Dr. Megan Johnson McCullough – Sleep apnea affects nearly 30 million people in the US. That’s approximately 9% of the population. The condition causes interruptions that pause breathing because the throat or airway has collapsed, creating blockage. This is called obstructive sleep apnea (OSA) and is the most common type. Central sleep apnea (CSA) occurs due to neurological issues when the brain doesn’t communicate to continuously breathe during sleep. There is also a complex type which is the combination of OSA and CSA. The CPAP machine, which stands for continuous positive airway pressure, has become a widely used tool to help address these sleep issues. Almost 8 million people use a CPAP machine, and studies point towards it being 99% effective. The machine can send pressurized airflow into the nose and mouth which keeps the airways open for normal breathing.
The CPAP machine has a motor that produces pressurized air that generates a steady stream of air
through a tube. The person wears an air mask that fits around the nose or mouth and the flexible tube is
connected to the mask. The air that comes through pushes through the blockages so that the airways
remain open. Now nothing will obstruct the oxygen getting to the lungs and breathing won’t be paused.
There are several benefits to using a CPAP. These include of course better sleep quality, feeling less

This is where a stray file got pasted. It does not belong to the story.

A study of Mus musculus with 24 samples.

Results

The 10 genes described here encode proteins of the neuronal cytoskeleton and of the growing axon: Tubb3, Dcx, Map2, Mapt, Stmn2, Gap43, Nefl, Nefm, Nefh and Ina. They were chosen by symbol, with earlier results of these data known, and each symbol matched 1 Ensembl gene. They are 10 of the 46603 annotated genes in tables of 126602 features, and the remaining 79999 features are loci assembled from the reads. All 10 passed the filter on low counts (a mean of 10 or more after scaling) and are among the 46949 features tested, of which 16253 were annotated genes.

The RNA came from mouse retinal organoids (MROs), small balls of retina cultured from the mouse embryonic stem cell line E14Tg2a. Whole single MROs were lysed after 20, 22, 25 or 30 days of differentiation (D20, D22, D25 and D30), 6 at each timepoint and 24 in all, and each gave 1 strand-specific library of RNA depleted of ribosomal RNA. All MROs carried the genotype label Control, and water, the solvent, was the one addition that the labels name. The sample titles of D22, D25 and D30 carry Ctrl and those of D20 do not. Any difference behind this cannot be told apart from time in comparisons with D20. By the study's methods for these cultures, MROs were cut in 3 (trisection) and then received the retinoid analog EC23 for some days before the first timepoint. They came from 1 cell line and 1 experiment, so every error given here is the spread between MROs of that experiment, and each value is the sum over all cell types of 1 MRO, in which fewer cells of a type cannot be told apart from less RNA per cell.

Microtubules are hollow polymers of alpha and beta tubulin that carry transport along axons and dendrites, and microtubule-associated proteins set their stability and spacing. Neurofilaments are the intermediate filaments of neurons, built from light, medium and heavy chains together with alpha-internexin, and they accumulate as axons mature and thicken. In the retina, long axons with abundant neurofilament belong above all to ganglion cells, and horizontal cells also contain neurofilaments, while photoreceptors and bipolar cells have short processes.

sleepy during daytime, lower blood pressure, reduction in blood glucose, lower cholesterol levels, and
lower risk of heart attack and/or stroke.
The machines are all very similar in style based on brands and designers, but there are variations
between the CPAP, BiPAP, and APAP. The BiPAP stands for bi-level positive airflow pressure. There are
two pressure levels. One is for inhaling and the other is for exhaling. This machine is used by people who
don’t like the CPAP and who have high levels of carbon dioxide in their blood. The APAP machine stands
for automatic positive airflow pressure. It checks your breathing through the night and automatically
adjusts the pressure accordingly. This works for people who change positions a lot or take medications
that can affect breathing. There are different options for masks. Selection of which mask type is based
on comfort, type of sleep apnea you have, and your breathing habits. There are nasal masks with pillow
type cushions and there are full masks that cover the nose and mask.
A person who has Medicare Part B and who is officially diagnosed with sleep apnea, will qualify for
Medicare paying 80% of the machine cost. Whether renting it or buying it, the person will need to pay
their deductible and the other 20%. Otherwise, CPAP machines can vary between $500 and $3,000
Some people complain of dry mouth, nosebleeds, feeling claustrophobic, feeling bloated, nasal
congestion, feeling uncomfortable, and skin irritation. However, left untreated, sleep apnea can cause
headaches, depression, high blood pressure, higher risk for heart attack and stroke, diabetes, and
feeling constantly tired and fatigued. There can be pros and cons to using the CPAP, but the health issue
should not be ignored. Sleep is essential and interrupted sleep over a period will catch up with the body.
Some people can be in denial, but if you’re snoring loudly, having mood swings, feel tired too much of
the time, have headaches, and insomnia, then it’s best to get checked for sleep apnea. Being proactive
versus reactive when it comes to our health is always the recommended protocol.